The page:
By James H. Johnson, author of Venice Incognito: Masks in the Serene Republic
“Man is least himself when he speaks in his own person. Give him a mask and he will tell you the truth.” Oscar Wilde’s quip is a fair description of how many view the mask: as freedom from constraints, a liberating truth-teller, the way to show who we really are. I had Wilde’s notion in mind when I first started thinking about writing a book on masks. At least in the prosperous parts of the world, masks affirm what social mobility, abundant consumer choice, and technology make possible: perpetual reinvention of the self.
Writing about masks in Venice, I was powerfully reminded just how recent the freedom to reinvent ourselves actually is. What did masks mean for people living in societies where you were born into a role that determined your fate? Where charting your own path was the exception and changing your identity was unheard of?
Venice was one of the most rigidly hierarchical states in Europe, and in the eighteenth-century it was awash in masks. We think of it as the capital of carnival—rightly so, with travelers from across the continent and around the world converging for its celebrations. But Venetians also wore masks for six months out of the year, outside of the carnival season and for occasions that were far from festive. They wore masks at formal receptions and state ceremonies, in public theaters and cafes, in the sprawling gambling hall, and, despite prohibitions, sometimes in church.
The Venetian mask—an unadorned piece of white waxed cardboard that extended to just below the nose—was an accepted article of clothing for over a century. Most of the time, it wasn’t meant to be secretive, mysterious, or provocative. Instead it was a way for this vastly unequal population living in close quarters to go about their daily business without the complicating protocols of rank and deference. Masks preserved a psychological space where physical distance was lacking. Of course they could hide identities, but their usefulness didn’t depend on anonymity. Much of the time these neighbors recognized one another. They preserved and protected social roles by temporarily suspending them. For these reasons, they were conservative.
Since finishing Venice Incognito, I’ve been thinking about how other societies have seen in masks a version of their own ideals, fears, and illusions. For later writers and artists who probed the unconscious, for instance, the mask was an object of doom and fascination, a portal into the unknowable depths of the psyche. “Your soul is a choice landscape,” the poet Paul Verlaine wrote, “where masks and Bergamasks pass entrancing, / Playing lutes and dancing, slightly / Sad in their strange costumes.”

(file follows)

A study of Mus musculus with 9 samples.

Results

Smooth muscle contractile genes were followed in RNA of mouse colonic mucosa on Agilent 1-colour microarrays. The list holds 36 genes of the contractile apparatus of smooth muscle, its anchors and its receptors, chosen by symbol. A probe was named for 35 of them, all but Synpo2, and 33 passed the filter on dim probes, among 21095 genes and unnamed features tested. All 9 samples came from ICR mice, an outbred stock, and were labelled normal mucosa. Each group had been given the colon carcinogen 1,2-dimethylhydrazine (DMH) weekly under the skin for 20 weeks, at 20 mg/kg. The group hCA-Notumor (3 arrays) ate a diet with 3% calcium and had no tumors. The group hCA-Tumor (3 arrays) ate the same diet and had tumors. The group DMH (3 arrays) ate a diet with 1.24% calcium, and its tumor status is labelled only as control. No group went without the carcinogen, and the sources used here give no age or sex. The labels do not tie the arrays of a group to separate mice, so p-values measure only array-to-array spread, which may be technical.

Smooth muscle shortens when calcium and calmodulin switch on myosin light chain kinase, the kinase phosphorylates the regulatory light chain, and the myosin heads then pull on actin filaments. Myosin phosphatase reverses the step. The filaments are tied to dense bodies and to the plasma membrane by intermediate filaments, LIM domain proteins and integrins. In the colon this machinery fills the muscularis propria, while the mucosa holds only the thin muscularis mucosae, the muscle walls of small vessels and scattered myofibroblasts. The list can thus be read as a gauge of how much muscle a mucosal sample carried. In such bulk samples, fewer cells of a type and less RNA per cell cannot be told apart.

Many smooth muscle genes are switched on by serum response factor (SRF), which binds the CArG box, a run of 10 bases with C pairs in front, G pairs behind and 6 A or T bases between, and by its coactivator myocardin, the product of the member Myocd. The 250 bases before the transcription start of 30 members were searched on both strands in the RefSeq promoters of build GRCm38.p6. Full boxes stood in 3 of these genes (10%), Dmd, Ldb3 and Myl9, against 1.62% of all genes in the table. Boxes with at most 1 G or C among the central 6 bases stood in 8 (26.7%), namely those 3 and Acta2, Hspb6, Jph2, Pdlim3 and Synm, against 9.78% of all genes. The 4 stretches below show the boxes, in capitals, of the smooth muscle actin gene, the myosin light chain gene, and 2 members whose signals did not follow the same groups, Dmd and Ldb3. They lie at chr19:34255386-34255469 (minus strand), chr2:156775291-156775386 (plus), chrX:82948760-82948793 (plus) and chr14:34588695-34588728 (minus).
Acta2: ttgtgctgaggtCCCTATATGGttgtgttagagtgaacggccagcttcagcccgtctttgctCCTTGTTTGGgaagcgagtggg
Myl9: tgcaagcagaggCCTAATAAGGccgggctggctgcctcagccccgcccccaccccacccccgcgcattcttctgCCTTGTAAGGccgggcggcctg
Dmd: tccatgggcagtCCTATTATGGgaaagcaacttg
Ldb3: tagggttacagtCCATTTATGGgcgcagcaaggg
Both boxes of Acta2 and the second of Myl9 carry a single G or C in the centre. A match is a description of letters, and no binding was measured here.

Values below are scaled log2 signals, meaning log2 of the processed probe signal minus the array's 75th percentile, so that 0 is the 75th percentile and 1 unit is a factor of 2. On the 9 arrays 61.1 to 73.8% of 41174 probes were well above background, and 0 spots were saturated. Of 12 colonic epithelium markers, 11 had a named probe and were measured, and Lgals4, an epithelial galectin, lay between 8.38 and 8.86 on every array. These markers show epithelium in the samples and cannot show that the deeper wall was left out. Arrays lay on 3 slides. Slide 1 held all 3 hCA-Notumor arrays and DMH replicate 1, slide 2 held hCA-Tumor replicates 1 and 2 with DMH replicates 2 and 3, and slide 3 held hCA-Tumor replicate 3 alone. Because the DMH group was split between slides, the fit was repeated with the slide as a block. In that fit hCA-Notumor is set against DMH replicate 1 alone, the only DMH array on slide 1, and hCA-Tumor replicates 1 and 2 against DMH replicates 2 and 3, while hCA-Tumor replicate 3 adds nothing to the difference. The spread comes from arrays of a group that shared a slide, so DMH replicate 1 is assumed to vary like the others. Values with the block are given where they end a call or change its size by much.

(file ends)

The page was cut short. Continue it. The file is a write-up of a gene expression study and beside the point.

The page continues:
Today’s masks more often send us online than toward the murky landscape within. Our digital selves couple limitless masking with unprecedented visibility. The personal information we willingly share—a continuous account of what we’re buying, reading, eating, watching, and listening to—stands alongside a wider record of choices and habits that grows with every click. The audience for our digital identities is friends, family, and numberless strangers. It also includes the sophisticated software of marketers and political campaigns, with potential uses by employers, insurance carriers, and domestic surveillance bureaus.
Online visibility transforms the self into a fragmented, quantified, and unmoored series of data points. It may be that the thing we find so appealing about Oscar Wilde’s promise—that masks reveal the truth of the self—has begun to recede. The risk is that the self becomes its mask.
James H. Johnson is a cultural historian who writes and teaches on modern and early modern Europe at Boston University. His research includes eighteenth- and nineteenth-century France, the history of Venice, and music history. His book Listening in Paris: A Cultural History received the American Historical Association’s 1995 Herbert Baxter Adams Award and the American Philosophical Society’s Jacques Barzun Prize while Venice Incognito: Masks in the Serene Republic received the American Historical Association’s 2011 George L. Mosse Award and Oscar Kenshur Book Prize.